Supreme Court: Sex between man and minor wife is rape
The Supreme Court’s ruling will help discourage child marriage and is likely to have a bearing on criminality of marital rape
New Delhi: In a landmark judgment, the Supreme Court on Wednesday ruled that a man who has sex with his minor wife is guilty of rape.
The move is expected to go a long way in discouraging the practice of child marriage in India. It is also likely to have a bearing on the criminality of marital rape, an issue which has been widely debated both by Parliament and the courts.
“The exception carved out under section 375 (which defines rape) exempting marital rape for minors is artificial and contrary of Article 21 (right to life) of the Constitution of India,” said justice Madan B. Lokur, while pronouncing the judgment.
In a concurring judgment, passed by justices Lokur and Deepak Gupta, the court read down the provision of the Indian Penal Code (IPC), 1860 which exempted marital rape in case of minors.
The purposive reading down was done to bring it in line with the Protection of Children from Sexual Offences Act (POCSO), 2012, in the spirit of other pro-child legislation and the human rights of a married girl child.
The earlier age of 15 years has now been modified to 18 years for claiming exemption under the amended rape provisions.
Accordingly, the exemption clause now reads—“sexual intercourse or sexual acts by a man with his own wife, the wife not being under eighteen years of age, is not rape.”
It was also clarified that the court had not gone into the issue of marital rape since it did not form the subject matter of the case before it. Rights advocates welcomed the ruling.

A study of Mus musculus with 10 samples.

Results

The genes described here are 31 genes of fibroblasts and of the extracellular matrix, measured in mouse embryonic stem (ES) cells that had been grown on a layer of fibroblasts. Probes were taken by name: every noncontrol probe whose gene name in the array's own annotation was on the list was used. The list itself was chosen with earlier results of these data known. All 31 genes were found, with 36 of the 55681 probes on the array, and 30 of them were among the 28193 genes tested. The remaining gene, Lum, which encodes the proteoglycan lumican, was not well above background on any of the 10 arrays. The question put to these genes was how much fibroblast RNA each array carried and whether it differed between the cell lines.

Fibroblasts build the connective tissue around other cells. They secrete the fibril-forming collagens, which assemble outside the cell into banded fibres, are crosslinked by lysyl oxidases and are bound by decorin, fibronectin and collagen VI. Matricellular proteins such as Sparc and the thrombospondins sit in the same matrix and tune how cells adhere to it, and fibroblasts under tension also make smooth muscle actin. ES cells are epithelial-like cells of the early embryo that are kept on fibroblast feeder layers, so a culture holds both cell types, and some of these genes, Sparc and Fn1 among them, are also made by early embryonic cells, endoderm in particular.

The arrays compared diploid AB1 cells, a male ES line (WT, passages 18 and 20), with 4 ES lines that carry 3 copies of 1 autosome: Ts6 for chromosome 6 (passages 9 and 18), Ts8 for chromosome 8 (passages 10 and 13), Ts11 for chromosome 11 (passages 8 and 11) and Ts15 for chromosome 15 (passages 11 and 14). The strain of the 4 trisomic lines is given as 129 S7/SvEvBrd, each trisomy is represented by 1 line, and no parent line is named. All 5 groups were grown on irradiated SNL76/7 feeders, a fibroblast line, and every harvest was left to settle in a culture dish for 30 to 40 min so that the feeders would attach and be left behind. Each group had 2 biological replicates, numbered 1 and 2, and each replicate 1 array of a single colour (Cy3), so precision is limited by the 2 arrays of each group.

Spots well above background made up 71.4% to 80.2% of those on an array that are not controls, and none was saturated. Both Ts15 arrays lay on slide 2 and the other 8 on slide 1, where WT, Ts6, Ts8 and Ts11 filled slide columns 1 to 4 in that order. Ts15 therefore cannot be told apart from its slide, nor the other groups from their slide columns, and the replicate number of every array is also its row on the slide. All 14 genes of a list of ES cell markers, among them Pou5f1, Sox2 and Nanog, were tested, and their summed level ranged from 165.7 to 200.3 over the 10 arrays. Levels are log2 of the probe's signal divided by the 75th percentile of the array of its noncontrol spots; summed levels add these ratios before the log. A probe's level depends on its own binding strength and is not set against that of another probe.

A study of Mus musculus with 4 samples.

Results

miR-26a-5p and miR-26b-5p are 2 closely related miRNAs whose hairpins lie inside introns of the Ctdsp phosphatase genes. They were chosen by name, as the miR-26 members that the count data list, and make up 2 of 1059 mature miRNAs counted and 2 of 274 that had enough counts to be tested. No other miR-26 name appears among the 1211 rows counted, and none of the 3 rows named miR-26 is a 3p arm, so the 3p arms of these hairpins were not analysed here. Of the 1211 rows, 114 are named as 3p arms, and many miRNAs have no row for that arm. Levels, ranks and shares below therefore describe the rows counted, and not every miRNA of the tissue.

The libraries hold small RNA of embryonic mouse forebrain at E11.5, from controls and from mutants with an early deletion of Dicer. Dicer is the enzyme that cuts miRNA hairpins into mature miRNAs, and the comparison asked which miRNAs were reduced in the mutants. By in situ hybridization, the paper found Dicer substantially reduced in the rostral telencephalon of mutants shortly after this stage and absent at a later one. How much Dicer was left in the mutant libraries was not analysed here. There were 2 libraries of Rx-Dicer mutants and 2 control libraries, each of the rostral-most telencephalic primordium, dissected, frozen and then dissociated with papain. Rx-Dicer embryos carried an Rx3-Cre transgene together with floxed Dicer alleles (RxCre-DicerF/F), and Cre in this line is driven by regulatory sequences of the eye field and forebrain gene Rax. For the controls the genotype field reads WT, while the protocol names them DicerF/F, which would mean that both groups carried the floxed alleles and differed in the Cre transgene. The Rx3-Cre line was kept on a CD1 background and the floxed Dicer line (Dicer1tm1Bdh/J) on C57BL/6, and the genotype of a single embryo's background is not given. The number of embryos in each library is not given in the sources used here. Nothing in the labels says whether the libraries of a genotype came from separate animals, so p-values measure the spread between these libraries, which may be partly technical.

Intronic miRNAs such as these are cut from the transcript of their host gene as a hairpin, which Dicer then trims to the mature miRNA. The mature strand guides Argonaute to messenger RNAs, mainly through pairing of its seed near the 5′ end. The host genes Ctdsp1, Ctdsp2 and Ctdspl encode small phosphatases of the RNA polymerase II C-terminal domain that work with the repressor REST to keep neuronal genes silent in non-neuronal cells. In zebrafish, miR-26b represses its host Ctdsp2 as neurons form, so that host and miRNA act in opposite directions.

“It is a landmark ruling which comes as a win for all those fighting for child rights, violence against children, etc. It will definitely help to reduce child marriage and exploitation of young girls. But I cannot say how it will be implemented. Since the implementation will have to be done by the police, they should be adequately trained so that they cannot use a lacunae in the ruling for not implementing it in the right spirit,” said Rishi Kant, social activist at anti-trafficking non-government organization (NGO) Shakti Vahini.
He added that the need of the hour was to create awareness at the panchayat level about the consequences that a man would face if he marries a minor girl.
The court was ruling on a public interest litigation (PIL) by an NGO, Independent Thought, challenging the exception made out under provisions of the Indian Penal Code, which exempted marital rape of girls between 15 and 18 years of age by their husbands on the pretext of marriage.
The centre had maintained that Parliament had fixed the age of 15 years, keeping the social and economic conditions of the country in mind. Its stand has been similar on marital rape, where it said that if recognized as a crime, it could “destabilize the institution of marriage, apart from being an easy tool for harassing husbands”.
In a 127-page judgment, justice Gupta disagreed with the centre’s stand on child marriage and its decision to not criminalize the consummation of child marriages in view of age-old traditions.
He also held the exception to be “discriminatory”, since it is the only provision in various penal laws that “gives immunity to the husband” against the serious offence of rape.
“Merely because something is going on for a long time is no ground to legitimize and legalize an activity which is per se illegal and a criminal offence,” Gupta said.
The apex court ruling took into consideration the discrimination under the prevailing law where if a man had sex with a girl under 15 years of age, it was termed as rape—irrespective of consent. However, if she was below 18 years of age but more than 15 years and married, then there was no offence of rape.
The petitioner had sought the court’s direction to declare the legal exception under the IPC as violative of Articles 14 (equality under law) and 21 (right to life) of the Constitution of India to the extent that it permits intrusive sexual intercourse with a girl child aged between 15 and 18 years, only on the grounds of her being married.
Under provisions of POCSO Act, a physical relationship with a minor constitutes rape and this does not exclude the relationship between a man and his minor wife.